Thursday, October 9, 2014

Root for a Correction

by Matt Malick and Ben Atwater
Root for a Correction

In market parlance, the textbook definition of a correction is a drop of greater than 10%, but less than 20%.  Any fall of 20% or more is considered a bear market.

Commentators often talk about a correction as a healthy phenomenon.  But, when one happens, it feels terrible – like it is never going to end.

It has been so long since we have had a correction - April 29, 2011 through October 3, 2011, when the market fell just over 19% on a closing basis - we almost forget how torturous they really are.

Presently, the Standard and Poor’s 500 has declined, as of yesterday’s close, 3.77% from its recent all-time closing high on September 18th.  This is far from a correction, but painful enough, especially given the dramatic underperformance of small-cap (Russell 2000) and international equities (ACWX) relative to the S&P 500.

However, a correction can be beneficial as long as investors don’t panic and make poor decisions.  If we are in the process of one, it would serve to make valuations more reasonable, dampen investor sentiment and provide a potential catalyst for a move to new highs following a successful earnings season.

As we approach earnings season, analysts are expecting S&P 500 companies to earn $29.69 per share in third quarter profits, which would leave the S&P 500 with trailing twelve month earnings of $108.27.  If the market were to correct in the meantime and fall 10% from its closing high to 1810.22, the price-to-earnings ratio on the market would fall to 16.71.  Although this valuation is not dirt cheap, it is close to the long-term average P/E and highly attractive when we compare bonds, real estate and various other asset classes to stocks.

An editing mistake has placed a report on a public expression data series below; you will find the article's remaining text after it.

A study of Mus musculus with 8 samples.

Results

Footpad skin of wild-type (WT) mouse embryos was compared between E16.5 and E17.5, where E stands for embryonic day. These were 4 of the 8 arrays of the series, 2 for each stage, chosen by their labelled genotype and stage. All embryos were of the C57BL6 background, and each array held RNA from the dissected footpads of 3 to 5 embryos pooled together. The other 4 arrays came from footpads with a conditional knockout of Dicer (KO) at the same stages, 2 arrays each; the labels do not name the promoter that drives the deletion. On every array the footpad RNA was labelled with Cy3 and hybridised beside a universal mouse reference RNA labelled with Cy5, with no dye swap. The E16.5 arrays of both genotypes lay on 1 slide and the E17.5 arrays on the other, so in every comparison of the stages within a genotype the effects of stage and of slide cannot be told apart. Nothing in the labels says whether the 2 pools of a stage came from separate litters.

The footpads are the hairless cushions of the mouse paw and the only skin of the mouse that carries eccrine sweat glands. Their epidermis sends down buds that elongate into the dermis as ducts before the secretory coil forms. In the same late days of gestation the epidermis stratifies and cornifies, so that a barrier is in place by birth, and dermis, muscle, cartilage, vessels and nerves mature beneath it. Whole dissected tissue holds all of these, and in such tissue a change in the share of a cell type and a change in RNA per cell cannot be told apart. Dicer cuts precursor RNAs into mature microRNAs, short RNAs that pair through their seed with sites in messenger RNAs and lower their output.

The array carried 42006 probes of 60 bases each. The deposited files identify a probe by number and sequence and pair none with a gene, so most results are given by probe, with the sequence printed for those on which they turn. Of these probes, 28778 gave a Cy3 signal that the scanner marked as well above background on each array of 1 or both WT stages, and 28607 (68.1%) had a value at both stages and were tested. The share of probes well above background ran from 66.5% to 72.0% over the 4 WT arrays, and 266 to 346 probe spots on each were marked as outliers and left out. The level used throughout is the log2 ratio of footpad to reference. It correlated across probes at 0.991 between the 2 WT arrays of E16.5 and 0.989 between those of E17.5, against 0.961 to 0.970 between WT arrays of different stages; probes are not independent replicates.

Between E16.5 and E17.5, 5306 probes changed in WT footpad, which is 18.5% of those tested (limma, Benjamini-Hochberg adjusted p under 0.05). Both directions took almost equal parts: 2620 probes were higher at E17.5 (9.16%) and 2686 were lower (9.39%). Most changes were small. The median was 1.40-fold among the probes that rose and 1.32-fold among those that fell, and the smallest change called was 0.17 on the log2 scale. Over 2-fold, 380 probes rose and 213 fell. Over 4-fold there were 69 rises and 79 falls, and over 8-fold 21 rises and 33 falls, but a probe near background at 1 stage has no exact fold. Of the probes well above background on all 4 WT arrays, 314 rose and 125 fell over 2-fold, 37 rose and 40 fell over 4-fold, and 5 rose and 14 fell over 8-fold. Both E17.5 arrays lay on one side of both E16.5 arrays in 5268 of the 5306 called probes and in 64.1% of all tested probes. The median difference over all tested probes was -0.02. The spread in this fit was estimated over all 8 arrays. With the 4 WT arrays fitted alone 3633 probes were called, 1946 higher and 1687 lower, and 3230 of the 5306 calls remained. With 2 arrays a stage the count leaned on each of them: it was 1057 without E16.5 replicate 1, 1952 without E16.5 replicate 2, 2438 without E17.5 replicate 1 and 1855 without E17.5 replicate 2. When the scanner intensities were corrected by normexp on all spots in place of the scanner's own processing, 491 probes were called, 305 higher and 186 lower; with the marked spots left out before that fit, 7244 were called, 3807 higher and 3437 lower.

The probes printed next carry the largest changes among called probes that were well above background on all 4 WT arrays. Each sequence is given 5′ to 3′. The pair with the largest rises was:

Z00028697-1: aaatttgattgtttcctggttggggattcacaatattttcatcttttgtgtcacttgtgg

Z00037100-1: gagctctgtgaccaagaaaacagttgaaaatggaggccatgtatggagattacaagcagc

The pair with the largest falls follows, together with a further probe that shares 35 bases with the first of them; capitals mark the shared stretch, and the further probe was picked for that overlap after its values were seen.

Furthermore, when the market falls, investors almost universally get more pessimistic about the prospects for future returns.  And sentiment is a contrarian indicator.  If a correction shakes some of the fickle money from the market, then the market’s foundation is stronger when it begins to rise again.

As you well know, we believe excess valuations and sentiment are generally the preconditions for a bear market and corrections help dampen both.

Finally, if the market does continue to fall here, then a positive earnings season could be a catalyst to spur the market to new highs.  After all, if earnings meet or exceed estimates, we will then have back-to-back quarters of 9%-plus earnings growth, a seemingly bullish happening.